Structural and neurobiological foundations of suicide, a review


2. Genomic, neuroimaging, and post-mortem studies implicate altered function of the serotonin neurotransmitter and hypothalamic-pituitary-adrenal axis systems. 

3. Biologic differences in these systems present as impaired control of mood, pessimism, impaired problem solving, over-reactivity to negative social signs, and suicidal ideation. 

Evidence Rating Level: 3 (Average)        

Study Rundown: Suicide is a complex behavior with many complicated facets ranging from stressful life events to biologically altered cognitive process. The identification of suicidal tendency and prevention are important goals in the realm of psychiatric medicine. The stress-diathesis model theorizes that state-dependent stressors such as major life events and a susceptibility to suicidal behavior may combine and lead to suicide. Current research shows that the diathesis or trait-like portion of the model functions independently from psychiatric illness but has specific biological underpinnings of its own. Suicide is linked with a greater number of serotonin neurons and increased tryptophan hydroxylase 2. There also appears to be fewer noradrenergic neurons in the locus coeruleus of individuals who have died of suicide. Beyond the cellular level there are structural differences in the brains of individuals who attempt suicide as well as decreased right-sided basal ganglia and grey matter cortical volumes. It is posited that these biological changes lead to the altered cognitive processes of mood regulation, decision making, and prediction of reward and punishment found in individuals with suicidal behavior.

Early-life adversity or trauma is considered to be a strong risk factor for suicide. Epigenetic mechanisms combine with consequent modification to the hypothalamic-pituitary-adrenal axis are considered as a possible basis for this observation. It is believed that ~50% of the risk for suicide is heritable; however, the exact genes leading to this risk are still largely under contention. Treatment and prevention of suicide must be approached with respect to the stress-diathesis model; managing both the acute nature of suicide as a symptom of psychiatric illness and the longstanding trait-like character of the disease are imperative for positive outcomes.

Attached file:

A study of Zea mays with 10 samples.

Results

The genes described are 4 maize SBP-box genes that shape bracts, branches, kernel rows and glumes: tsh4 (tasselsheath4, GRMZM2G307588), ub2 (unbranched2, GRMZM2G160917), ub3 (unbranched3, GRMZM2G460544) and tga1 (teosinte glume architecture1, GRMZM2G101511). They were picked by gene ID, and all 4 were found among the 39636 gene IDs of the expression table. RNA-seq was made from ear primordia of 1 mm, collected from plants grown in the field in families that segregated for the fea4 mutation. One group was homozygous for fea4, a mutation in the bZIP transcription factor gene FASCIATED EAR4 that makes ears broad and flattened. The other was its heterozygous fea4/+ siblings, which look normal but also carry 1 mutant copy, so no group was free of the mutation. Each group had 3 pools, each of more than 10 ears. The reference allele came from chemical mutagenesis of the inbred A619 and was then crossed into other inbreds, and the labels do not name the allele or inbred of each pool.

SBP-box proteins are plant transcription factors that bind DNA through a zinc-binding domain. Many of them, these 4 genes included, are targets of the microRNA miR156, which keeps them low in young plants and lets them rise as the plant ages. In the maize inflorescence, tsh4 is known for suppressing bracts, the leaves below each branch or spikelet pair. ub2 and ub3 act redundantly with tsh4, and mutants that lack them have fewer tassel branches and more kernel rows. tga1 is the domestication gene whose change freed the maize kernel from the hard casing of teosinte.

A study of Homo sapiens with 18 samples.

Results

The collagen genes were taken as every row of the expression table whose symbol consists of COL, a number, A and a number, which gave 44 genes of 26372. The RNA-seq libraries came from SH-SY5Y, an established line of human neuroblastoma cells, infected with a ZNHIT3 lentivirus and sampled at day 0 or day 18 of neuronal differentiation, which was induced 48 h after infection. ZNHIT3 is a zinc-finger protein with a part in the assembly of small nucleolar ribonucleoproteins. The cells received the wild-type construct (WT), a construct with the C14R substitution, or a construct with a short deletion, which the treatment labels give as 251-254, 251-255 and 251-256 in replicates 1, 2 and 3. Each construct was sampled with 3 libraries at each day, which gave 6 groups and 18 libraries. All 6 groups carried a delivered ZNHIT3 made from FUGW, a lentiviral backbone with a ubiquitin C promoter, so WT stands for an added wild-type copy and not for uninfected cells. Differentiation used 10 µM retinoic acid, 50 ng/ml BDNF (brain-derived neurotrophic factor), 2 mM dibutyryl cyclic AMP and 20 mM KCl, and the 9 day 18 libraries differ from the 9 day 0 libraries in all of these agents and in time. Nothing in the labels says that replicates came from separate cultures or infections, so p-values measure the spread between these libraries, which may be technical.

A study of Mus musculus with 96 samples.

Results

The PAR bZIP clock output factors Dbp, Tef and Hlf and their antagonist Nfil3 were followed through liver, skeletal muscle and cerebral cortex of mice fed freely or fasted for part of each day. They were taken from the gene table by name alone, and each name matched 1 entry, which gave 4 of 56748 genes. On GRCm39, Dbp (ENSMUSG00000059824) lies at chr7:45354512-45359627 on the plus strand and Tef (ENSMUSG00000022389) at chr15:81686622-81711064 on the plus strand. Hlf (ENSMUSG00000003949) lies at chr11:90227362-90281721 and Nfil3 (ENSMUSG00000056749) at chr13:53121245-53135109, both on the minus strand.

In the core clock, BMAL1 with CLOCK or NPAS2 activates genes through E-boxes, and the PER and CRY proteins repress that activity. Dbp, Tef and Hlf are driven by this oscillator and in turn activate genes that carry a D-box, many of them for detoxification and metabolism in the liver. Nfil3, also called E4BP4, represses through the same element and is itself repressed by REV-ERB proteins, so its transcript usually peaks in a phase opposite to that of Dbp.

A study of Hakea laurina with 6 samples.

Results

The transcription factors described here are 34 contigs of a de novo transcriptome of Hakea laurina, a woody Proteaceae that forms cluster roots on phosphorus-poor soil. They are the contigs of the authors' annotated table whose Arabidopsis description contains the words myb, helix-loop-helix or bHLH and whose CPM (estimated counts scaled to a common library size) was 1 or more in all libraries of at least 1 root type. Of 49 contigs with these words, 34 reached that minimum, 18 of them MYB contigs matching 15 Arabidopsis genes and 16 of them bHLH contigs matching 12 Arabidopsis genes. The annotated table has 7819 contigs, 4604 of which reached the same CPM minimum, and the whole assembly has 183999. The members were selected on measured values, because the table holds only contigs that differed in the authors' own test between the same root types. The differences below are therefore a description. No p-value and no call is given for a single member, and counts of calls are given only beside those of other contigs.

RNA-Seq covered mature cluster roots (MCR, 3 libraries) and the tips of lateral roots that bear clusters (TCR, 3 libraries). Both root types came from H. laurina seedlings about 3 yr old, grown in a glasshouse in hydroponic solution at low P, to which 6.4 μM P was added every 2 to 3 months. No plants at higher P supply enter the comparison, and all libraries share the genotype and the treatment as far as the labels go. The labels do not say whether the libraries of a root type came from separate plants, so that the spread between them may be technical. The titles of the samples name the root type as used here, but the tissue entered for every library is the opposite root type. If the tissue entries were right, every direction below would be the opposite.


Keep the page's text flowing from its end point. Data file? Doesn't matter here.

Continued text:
Strengths of this study include the wide breadth of literature under review and the synthesis of this data to provide a clear view of the topic of suicide. That being said, the literature reviewed is itself composed mainly of review articles and there is no novel data or firm conclusions brought about by the authors.

Click to read the study, published today in The Lancet Psychiatry

Relevant Reading: Chapter 6: Stress–diathesis model of suicidal behavior

In-Depth [systematic review]: This study reviews the current literature on suicide and the biological facets that have been elucidated to date. The authors focused on articles within the last 5 years focusing on the search terms “suicide” and “neurobiology”, “genetics”, and “neuroimaging”. Review articles were mainly cited in the reference section given space considerations. As this is a literature review, there are no novel data to be reported. Please refer to the Study Rundown section for important conclusions and findings.